SALT - Rosh Chodesh - Thursday, 30 Shevat 5778 - February 15, 2018

  • Rav David Silverberg
            Yesterday, we noted the theory proposed by Tosefot in Masekhet Yoma (72a) that two sets of poles were constructed and placed alongside the aron (ark).  Whereas the conventional understanding is that there was one pole on either side of the ark, with which the Leviyim transported it through the wilderness, Tosefot raise the possibility that there were in fact two poles on either side.  Of course, this theory gives rise to the question of why two sets of poles were necessary.
            A novel, clever suggestion to explain this position is offered by Rav Aryeh Zilber, in his work Az Yashir (Parashat Teruma), where he notes the controversy surrounding the location of the poles.  Rashi (25:12) writes that the transport poles were affixed near the top of the ark, as stated explicitly by the Gemara in Masekhet Shabbat (92), which comments that the poles were situated one-third the way down the ark, a position which made transporting the ark the most comfortable.  The Ramban, however, disagreed, arguing that it would be disrespectful for the majority of the ark to be underneath the Leviyim who carried it.   According to the Ramban, the poles were affixed towards the bottom of the aron, such that the aron was elevated above the Leviyim during transport.  A number of writers noted, however, that it would have been exceedingly difficult to carry the ark in this manner, as the weight of the entire aron would be essentially resting on the Leviyim’s shoulders.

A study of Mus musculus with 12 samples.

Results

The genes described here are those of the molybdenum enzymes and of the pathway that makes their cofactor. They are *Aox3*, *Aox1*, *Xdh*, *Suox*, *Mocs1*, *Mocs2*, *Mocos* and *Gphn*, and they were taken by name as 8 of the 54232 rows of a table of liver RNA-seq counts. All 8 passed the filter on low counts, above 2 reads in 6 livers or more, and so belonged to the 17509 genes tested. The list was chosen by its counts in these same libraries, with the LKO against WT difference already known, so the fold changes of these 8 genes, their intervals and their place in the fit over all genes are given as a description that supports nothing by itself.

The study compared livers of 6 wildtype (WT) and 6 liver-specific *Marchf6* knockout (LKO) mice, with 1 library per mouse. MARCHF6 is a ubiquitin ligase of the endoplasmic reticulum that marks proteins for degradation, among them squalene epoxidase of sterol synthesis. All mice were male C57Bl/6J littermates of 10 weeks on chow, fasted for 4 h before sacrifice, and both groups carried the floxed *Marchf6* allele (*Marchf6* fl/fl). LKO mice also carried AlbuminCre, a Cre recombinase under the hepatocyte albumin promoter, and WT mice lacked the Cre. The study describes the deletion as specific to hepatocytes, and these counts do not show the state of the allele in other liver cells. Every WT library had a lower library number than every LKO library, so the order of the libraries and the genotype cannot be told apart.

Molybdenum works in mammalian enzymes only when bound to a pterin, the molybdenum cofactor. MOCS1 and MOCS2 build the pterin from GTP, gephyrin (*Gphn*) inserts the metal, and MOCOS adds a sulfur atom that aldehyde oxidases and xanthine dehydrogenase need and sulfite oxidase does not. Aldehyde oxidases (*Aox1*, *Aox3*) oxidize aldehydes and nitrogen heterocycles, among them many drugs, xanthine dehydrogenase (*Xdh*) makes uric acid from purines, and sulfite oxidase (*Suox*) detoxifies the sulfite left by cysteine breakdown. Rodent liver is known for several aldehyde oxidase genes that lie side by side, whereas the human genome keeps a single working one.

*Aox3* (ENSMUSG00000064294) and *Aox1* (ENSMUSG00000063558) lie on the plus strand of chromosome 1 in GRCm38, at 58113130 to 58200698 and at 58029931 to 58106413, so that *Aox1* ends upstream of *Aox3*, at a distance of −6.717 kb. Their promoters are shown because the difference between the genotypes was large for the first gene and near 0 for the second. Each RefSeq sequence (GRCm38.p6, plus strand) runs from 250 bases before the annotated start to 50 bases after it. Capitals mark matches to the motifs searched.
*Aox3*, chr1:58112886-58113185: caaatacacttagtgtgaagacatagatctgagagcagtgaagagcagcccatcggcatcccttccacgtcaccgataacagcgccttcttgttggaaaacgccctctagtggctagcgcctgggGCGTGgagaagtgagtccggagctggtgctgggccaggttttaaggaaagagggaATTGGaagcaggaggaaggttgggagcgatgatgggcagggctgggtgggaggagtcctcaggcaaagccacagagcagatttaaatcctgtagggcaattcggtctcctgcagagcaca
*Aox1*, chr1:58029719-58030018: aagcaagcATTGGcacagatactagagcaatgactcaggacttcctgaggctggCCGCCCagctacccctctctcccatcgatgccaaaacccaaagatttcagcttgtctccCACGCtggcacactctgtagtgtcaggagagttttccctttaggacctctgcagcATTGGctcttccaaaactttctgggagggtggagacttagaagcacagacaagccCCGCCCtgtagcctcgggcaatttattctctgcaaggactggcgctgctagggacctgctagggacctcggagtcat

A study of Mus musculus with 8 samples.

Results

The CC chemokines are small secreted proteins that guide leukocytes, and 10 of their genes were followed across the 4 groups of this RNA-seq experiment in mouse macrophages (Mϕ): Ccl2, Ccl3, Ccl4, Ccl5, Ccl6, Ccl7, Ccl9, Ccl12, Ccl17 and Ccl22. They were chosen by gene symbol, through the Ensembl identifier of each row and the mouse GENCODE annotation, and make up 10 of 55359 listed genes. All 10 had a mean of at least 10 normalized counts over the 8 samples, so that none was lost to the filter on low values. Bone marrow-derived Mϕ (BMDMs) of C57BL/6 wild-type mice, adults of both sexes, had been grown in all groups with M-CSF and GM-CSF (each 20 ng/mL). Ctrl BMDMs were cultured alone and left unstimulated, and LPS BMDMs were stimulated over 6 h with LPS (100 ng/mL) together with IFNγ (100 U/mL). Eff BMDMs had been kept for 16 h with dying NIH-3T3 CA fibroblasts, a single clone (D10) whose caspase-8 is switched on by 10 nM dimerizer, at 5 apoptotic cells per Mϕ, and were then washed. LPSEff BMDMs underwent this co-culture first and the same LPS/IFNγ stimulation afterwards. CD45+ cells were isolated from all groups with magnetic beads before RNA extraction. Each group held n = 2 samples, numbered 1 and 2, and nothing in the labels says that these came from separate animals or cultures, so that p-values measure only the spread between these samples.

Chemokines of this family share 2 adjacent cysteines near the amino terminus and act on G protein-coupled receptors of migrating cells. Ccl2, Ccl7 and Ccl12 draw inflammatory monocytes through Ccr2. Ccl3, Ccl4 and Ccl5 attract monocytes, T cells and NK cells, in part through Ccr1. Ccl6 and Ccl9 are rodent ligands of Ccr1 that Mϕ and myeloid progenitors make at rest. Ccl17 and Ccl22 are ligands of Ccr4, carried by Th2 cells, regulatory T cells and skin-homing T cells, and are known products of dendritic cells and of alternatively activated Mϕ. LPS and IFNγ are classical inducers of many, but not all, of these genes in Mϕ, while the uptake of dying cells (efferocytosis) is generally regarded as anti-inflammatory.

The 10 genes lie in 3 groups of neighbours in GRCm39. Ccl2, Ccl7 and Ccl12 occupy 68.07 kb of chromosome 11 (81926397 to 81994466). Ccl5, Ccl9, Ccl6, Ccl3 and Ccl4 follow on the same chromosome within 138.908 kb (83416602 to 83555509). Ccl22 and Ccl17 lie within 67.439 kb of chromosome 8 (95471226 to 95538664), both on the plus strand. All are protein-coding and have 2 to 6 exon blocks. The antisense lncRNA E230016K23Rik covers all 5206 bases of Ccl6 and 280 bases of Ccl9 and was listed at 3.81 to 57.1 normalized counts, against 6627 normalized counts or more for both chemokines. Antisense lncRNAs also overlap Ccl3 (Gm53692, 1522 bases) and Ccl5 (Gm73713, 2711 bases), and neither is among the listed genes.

Rav Zilber suggested that Tosefot’s comments in Masekhet Yoma allow for the possibility of accepting both views, and suggesting that there were two sets of poles: one near the top of the ark, and one along the bottom.
            To explain why two sets of poles were needed, Rav Zilber draws our attention to the comments of the Tosafists elsewhere, in Da’at Zekeinim to Parashat Teruma (25:11), where they address the question of why God commanded constructing the ark from wood.  Instead of making a wooden ark plated with gold, it would have, seemingly, been more appropriate for this sacred article to have been made entirely from gold.  The Tosafists answer that a structure of this size made entirely from metal would have been too heavy carry.  However, the Tosafists proceed to cite the Gemara’s famous comment in Masekhet Sota (35a) that the ark transported itself, supernaturally, and the Leviyim did not actually support its weight.  This appears to undermine the Tosafists’ answer, as the aron could have been entirely gold, since the Leviyim in any event did not need to actually lift the ark.  The Tosafists refute this challenge by claiming that this miracle was performed only on occasion, and not whenever the ark was transported.  Although there were times when the ark traveled miraculously, at other times it needed to be physically carried by the Leviyim.  Therefore, it could not have been made completely from gold.
            If so, Rav Zilber suggests, then we can explain the need for two sets of poles alongside the ark.  When the ark transported itself, in miraculous fashion, and the Leviyim only appeared to be carrying it, then they held the lower poles, such that the ark was displayed in a respectful, prominent manner above their shoulders, and in any event they were not actually carrying it.  However, when the ark had to be actually supported by the Leviyim, they needed to carry it with the upper poles, even though this was less respectful, as most of the ark was situated underneath them.